Filmmaking & Storytelling : Independent Days Vs The Hollywood Days

Filmmaking & Storytelling : Independent Days Vs The Hollywood Days

On our earlier class we have discuss about the 5 steps of filmmaking.

But before jumping in to the steps of filmmaking, let us first know the types of films made according to their production.

Film is a powerful medium. With the right script under your arm and a staff of eager team players, you’re about to begin an exciting ride.

The single most important thing that goes into making a successful film is the passion to tell a story. And the best way to tell your stories is with pictures.

Filmmaking is visual storytelling in the form of shots that make up scenes and scenes that eventually make up a complete film.

As a filmmaker, you have the power to affect people’s emotions, make them see things differently, help them discover new ideas, or just create an escape for them. In a darkened theater, you have an audience’s undivided attention.

They’re yours — entertain them, move them, make them laugh, make them cry. You can’t find a more powerful medium to express yourself.

Independents Day versus the Hollywood Way

There are three types of full length films made to be distributed (hopefully) for a paying audience:

Studio films:

A studio film is usually green lit by the head of a major studio, has a healthy budget averaging $60 million and up (some go as high as $150 million or more), has major star names intended to guarantee some kind of box office success (as if such a guarantee were possible). Nowadays many studio films are based on comic book superheroes (Hulk, Batman, Spiderman), popular TV shows (Get Smart, Sex in the City), bestselling books (the Harry Potter series), high concept (unique ideas that have commercial appeal like Jurassic Park, or Journey to the Center of the Earth), and/or big name stars (Brad Pitt, Tom Hanks, Angelina Jolie). If a major film studio puts up the money for a film, the studio — not the filmmaker — ultimately ends up calling the shots.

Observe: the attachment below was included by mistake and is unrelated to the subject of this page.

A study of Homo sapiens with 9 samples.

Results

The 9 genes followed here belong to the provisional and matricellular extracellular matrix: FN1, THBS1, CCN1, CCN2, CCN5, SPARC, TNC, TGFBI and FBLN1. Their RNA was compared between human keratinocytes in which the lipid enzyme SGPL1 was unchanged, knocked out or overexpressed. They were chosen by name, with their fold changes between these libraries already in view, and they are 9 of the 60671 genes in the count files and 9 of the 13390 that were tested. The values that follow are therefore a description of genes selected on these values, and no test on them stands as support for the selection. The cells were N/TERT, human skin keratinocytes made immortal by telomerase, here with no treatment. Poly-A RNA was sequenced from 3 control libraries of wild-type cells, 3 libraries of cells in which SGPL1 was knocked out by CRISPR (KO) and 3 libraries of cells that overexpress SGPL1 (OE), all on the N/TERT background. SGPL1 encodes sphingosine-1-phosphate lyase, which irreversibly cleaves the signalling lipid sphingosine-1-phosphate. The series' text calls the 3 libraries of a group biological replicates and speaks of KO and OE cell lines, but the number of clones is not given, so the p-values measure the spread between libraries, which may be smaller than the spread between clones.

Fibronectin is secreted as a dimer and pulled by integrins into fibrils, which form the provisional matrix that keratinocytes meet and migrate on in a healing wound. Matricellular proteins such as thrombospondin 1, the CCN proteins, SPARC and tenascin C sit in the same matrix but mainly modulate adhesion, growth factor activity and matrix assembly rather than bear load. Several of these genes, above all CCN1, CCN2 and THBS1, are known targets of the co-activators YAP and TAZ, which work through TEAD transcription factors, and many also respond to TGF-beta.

Independent films:

A true independent film is often a low-budget film (costing anywhere from $5,000 to $1 million) because the filmmaker has to raise money to make the film on his or her own, independent of a studio for the financing. Many films circulating the film-festival circuit are independent films, produced independently of the studios.

Independent studio films:

A studio’s independent division is really a smaller “boutique” division of the big company, with smaller budgets and possibly fewer black suits deciding how to make and distribute

the films that come from these divisions. Sideways, Little Miss Sunshine, and Juno are perfect examples of independent studio films — they were all distributed by Twentieth Century Fox’ independent division, Fox Searchlight — but all received the exposure that a big studio picture expects, including studio marketing dollars when they are nominated during the major awards season.

The term “independent studio films” is actually oxymoronic because a film produced by a studio is not truly independent. A film made by a studio’s “independent” division is a studio film, in disguise.

You can find both advantages and disadvantages to making a studio picture or an independent film. On an independent production, your film ends up on the screen the way you envisioned it, but you don’t have much of a budget. A studio picture has larger financial backing and can afford to pay the astronomical salaries that actors demand, as well as pay for seamless special effects and longer shooting schedules, but the film ends up the way the studio envisions it — and in the most commercial way. The studio looks at dollars first and creativity second. Many independent filmmakers discover that, although having and making money is nice, being independent allows them to tell a story in the most creative way.

An independent film doesn’t always have to be a low-budget or no-budget film, however. George Lucas is the ultimate independent filmmaker. He’s independent of the studios and makes his own decisions on his films without the politics or red tape of a studio looking over his shoulder. Star Wars may not seem like an independent film, but that’s exactly what it is — even though you may have difficulty seeing yourself as one of Lucas’s peers.